Daddy was never a skinny guy. He had a pretty average build and a healthy appetite. He did lose some weight and became more fit after having his heart attack at 39 years old, but that was fairly short-lived (unfortunately). Otherwise, he looked "healthy" (in the Indian sort of way 😬).
But things changed after Daddy's stroke. He lost a lot of weight and became much skinnier. He wasn't as mobile, but he also chose to not do much rehab so he lost a lot of weight just from atrophy of his underused muscles - and the change was pretty dramatic. His appetite also was not as healthy as before.
However, he never looked "sickly", but Mummy was still always on him to eat more so that he could gain a bit more weight. But he just scoffed at it and didn't want to eat too much. It seemed like a lost cause.
During my last year of medschool, I took a trip to India for about 6 weeks before graduation. My parents were already there and it gave me a nice opportunity to see family and travel. Mummy came with others to pick me up from the airport, and we were on our way back home. Much to my surprise, when I saw Daddy, he had gained a lot of weight.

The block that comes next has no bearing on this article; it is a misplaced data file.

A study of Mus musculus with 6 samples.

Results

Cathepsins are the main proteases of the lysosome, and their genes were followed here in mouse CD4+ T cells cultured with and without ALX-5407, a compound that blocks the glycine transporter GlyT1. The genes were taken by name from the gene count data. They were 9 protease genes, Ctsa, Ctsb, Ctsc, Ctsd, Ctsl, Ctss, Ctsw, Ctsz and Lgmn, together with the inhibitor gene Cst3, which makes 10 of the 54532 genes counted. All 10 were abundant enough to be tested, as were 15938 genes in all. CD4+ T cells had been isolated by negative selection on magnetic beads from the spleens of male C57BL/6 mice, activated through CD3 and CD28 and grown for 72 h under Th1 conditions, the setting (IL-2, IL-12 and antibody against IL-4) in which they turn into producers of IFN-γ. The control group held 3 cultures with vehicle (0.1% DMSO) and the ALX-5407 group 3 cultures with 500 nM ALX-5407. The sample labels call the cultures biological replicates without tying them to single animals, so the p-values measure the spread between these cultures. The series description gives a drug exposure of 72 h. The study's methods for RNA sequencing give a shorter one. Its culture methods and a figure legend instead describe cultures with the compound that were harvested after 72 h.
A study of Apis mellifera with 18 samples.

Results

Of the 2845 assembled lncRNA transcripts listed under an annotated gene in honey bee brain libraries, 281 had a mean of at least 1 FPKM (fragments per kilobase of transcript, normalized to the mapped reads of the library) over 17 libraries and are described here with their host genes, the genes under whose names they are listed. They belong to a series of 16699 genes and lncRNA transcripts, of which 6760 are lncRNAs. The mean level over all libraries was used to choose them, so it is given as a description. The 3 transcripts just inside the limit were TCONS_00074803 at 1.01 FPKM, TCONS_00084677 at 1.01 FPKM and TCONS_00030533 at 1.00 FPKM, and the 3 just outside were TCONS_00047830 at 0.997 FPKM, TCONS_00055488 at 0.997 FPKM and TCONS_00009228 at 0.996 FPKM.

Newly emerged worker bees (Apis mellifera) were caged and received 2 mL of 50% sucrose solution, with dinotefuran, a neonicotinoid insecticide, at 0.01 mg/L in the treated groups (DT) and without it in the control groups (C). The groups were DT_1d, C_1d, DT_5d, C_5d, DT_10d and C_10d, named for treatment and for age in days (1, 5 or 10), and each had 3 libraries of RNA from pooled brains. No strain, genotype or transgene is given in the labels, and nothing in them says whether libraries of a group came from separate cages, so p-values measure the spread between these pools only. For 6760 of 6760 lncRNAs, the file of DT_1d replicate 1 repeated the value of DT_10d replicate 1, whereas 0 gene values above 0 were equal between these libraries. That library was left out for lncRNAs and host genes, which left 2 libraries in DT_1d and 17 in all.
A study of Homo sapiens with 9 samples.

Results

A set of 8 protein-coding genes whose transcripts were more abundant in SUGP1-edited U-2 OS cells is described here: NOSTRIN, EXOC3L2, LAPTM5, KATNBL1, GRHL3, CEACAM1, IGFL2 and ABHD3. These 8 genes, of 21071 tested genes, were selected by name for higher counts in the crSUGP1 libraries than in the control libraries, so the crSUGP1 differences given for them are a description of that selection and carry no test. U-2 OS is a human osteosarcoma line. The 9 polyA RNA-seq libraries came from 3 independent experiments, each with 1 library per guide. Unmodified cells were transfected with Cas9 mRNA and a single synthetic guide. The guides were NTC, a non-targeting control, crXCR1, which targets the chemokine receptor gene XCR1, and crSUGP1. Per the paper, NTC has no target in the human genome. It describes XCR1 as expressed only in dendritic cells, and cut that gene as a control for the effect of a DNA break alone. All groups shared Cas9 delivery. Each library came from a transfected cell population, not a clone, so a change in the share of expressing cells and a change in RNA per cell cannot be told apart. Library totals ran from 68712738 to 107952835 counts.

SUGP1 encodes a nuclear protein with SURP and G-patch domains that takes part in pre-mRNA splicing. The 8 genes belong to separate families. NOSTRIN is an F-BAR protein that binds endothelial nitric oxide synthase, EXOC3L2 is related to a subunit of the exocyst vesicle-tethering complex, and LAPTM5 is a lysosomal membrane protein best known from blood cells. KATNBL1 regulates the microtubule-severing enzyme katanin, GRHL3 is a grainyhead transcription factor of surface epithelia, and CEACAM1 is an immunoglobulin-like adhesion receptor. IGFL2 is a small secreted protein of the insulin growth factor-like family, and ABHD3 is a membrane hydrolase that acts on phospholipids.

A lot of weight in the sense that he kinda looked like a butterball 😆.
I saw him, smiled, and told him that he had gotten fat. Daddy looked at Mummy with concern and asked her if that was true, and Mummy said "no, no, no, you look fine". I didn't realize he would react the way he did to my comment, which made me smile even more.
I asked him if he had been eating more, and he said that he had because people kept force-feeding him food. He said that he would get asked multiple times a day about eating, and even when he refused, they would give him food. So he relented and ate and his appetite greatly improved.
Mummy tried so hard to get him to eat (and he loved her food so that wasn't the issue). He was just too stubborn, and she would stop pushing it if it seemed he was getting agitated. But in our culture, you have to make sure your family/guests are fed adequately and most would not take "no" for an answer. And typically this meant eating AT LEAST 50% more food than you would normally eat before you would satisfy those offering you the food.
For example, once my Neelam buaji told me she had made about 100 gulab jamun (a sweet Indian dessert) all for me, and I figured she was just joking. At dinner, when she had already made me eat twice as much as I had originally intended, she told me I wasn't allowed to leave the table till I ate at least 10 gulab jamun. It was amazing even though I felt I was going to explode 🤣.
There would always be multiple people you would have to refuse, and they would usually come in waves. Nothing like hitting Daddy with the proverbial poke in the side a million times over till he got annoyed enough to relent.